There are two questions here:
- Is it possible that Voldemort's inability to get into Snape's mind is because the part of Voldemort's soul with a very powerful ability for legilimency was transferred to Harry?
The answer is no. Because, as Dumbledore tells Harry, splitting the soul leads to no decline in one's brain and magical powers:
"Never forget, though, that while his soul may be damaged beyond repair, his brain and his magical powers remain intact. It will take uncommon skill and power to kill a wizard like Voldemort even without his Horcruxes.”
- Half Blood Prince, Chapter 23, Horcruxes.
And Legilimency and Occlumency are magical powers where you channel your inherent magic and sometimes use the wand.
- Was Harry able to breach Snape's Occulumency in HBP because of the part of Voldemort's soul in him?
The answer is again no, as ash_k29 explains above. In the situation, Snape was teaching Harry Occlumency, trying to invade his mind. But then Harry unpredictably reacted with a Shield charm (Protego), which reflects (minor to moderate) spells, making Snape's Legilimens, which requires continued channeling of magic, rebound on himself. Of course, Snape would not have closed his mind as thoroughly as he does with Voldemort. How the intended victim is enabled the fruits of the rebounding Legilimens is not clear, but that something of the sort is to be expected is attested by the fact that Snape took special care to procure Dumbledore's Pensieve to remove some of his worst (and strategic, may be) memories.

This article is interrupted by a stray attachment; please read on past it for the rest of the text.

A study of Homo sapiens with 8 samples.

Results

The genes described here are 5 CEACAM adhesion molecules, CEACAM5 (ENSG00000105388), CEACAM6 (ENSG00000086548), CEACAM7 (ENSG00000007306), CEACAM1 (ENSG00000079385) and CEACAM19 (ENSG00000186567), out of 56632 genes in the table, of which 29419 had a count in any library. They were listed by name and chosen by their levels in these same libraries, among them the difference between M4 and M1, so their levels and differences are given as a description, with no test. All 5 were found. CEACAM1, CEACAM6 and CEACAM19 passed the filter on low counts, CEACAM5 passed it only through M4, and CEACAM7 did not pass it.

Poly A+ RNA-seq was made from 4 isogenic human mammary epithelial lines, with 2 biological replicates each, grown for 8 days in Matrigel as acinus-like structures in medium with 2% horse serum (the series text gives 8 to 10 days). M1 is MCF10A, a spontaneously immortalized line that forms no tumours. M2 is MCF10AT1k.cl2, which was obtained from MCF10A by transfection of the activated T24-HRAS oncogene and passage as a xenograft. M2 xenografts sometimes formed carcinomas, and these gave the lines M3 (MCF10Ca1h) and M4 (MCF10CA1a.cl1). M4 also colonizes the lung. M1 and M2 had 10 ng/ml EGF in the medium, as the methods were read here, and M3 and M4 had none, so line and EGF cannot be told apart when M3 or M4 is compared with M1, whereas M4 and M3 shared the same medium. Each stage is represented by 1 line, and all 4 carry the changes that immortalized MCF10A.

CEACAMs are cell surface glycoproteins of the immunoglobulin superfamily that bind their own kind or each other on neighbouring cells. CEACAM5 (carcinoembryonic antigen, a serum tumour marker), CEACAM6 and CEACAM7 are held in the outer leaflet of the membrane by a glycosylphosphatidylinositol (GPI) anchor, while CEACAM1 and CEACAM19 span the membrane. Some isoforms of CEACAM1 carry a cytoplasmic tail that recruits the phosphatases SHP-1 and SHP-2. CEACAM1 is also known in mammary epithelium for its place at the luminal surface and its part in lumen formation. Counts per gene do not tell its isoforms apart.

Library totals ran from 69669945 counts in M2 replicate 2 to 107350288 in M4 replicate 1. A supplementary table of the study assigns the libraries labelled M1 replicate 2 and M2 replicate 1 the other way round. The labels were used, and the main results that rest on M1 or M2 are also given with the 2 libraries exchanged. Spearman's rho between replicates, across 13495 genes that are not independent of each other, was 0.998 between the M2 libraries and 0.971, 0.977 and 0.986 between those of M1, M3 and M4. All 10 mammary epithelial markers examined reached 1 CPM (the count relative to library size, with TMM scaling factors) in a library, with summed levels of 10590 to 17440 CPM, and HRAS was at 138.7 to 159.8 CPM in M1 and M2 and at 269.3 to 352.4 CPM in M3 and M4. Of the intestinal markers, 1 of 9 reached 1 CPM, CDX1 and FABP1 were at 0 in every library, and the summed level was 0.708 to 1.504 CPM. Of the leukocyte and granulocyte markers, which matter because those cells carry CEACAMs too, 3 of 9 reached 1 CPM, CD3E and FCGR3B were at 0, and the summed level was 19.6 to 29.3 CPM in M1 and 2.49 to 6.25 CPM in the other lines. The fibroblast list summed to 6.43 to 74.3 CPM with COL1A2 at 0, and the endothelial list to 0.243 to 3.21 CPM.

While it is possible that Harry was endowed with some skill in Legilimency from the part of Voldemort' soul in him, like his ability for Parseltongue, there's nothing in canon to support this. And that Harry was never an accomplished Occlumens is attested by Dumbledore in the next book:
“Harry, you were never a good Occlumens —”
— Half Blood Prince, Chapter 25, The Seer Overheard.
As Pat Dobson points out above, Legilimency seems an acquired skill rather than an innate ability like the capacity to speak Parseltongue, and is thus less likely to be transfered in this way, from the manner in which the sinister process it is depicted in the books — Harry does not get any of Voldemort's skills in magic.